Virginia.gov

News Release

For Immediate Release
5/29/2013
Contact
Marc Puckett, 434-392-8328

NOTE: This news release was distributed on 5/29/2013. The information below may no longer be the most up-to-date information available, or may pertain solely to events that occurred in the past. Please contact the person listed as the contact person for this release for the most current information.

June Squirrel Season Opens on Private Lands and Selected WMAs June 1-15, 2013

Richmond, VA: Spring is a great time to be in the woods and beginning June 1, outdoor enthusiasts have an exciting opportunity to hunt gray and red squirrels statewide, unless otherwise posted, and on the following Virginia Department of Game and Inland Fisheries (DGIF) Wildlife Management Areas: Amelia, Big Survey, Big Woods, Briery Creek, Cavalier, Chickahominy, Dick Cross, Fairystone (including Fairystone State Park and Philpott Reservoir), Featherfin, Gathright, Goshen, Hardware River, Havens, Highland, Hog Island (Carlisle Tract only), Horsepen, James River, Lake Robertson, Little North Mountain, Mattaponi, Merrimac Farm, Pettigrew, Phelps, Powhatan (including the Goochland Tract), Rapidan, Short Hills, Stewarts Creek, G. Richard Thompson, Turkeycock Mountain, and White Oak Mountain.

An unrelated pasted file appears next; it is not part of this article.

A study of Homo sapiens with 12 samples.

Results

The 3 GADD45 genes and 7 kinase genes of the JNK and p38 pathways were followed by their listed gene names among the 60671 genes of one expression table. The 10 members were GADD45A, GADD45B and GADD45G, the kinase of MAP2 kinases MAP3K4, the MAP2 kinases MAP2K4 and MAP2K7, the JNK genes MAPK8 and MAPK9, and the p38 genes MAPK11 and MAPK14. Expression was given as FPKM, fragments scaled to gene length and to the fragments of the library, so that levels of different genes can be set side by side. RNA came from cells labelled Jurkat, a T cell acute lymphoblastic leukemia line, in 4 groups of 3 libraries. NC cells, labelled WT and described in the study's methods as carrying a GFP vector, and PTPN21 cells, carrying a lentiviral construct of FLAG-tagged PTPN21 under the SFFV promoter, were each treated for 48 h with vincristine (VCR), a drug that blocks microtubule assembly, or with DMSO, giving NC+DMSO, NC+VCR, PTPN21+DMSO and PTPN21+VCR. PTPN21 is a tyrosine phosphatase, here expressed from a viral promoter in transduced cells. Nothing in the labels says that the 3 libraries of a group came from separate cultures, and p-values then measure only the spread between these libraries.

Fox squirrels may also be harvested on all lands, unless otherwise posted, in all counties with an open fox squirrel season during the regular squirrel season and on the following wildlife management areas: Big Survey, Gathright, Goshen, Havens, Highland, Lake Robertson, Little North Mountain, Merrimac Farm, Phelps, Rapidan, Short Hills, Stewarts Creek, and G. Richard Thompson. Dogs may be used to hunt squirrels during the spring season. National Forest Lands are closed during the June season.

Stalking squirrels in the fall is a very popular activity by hunters. With excellent populations throughout the state wildlife biologists determined that it also makes biological sense to hunt them in the spring, too. "June is actually a month of peak squirrel populations, with many young squirrels born in late-winter are now out on their own. Virginia's squirrel population is robust and hunting has no negative impact on populations," said Marc Puckett, Statewide Quail and Small Game Project Leader. Milder temperatures and longer daylight hours, combined with leaf filled trees and active squirrels, also make it a great time to improve your hunting skills.

To learn more about hunting, fishing, boating and other outdoor opportunities in Virginia visit the Virginia Department of Game and Inland Fisheries website at: www.dgif.virginia.gov or www.HuntFishVA.com.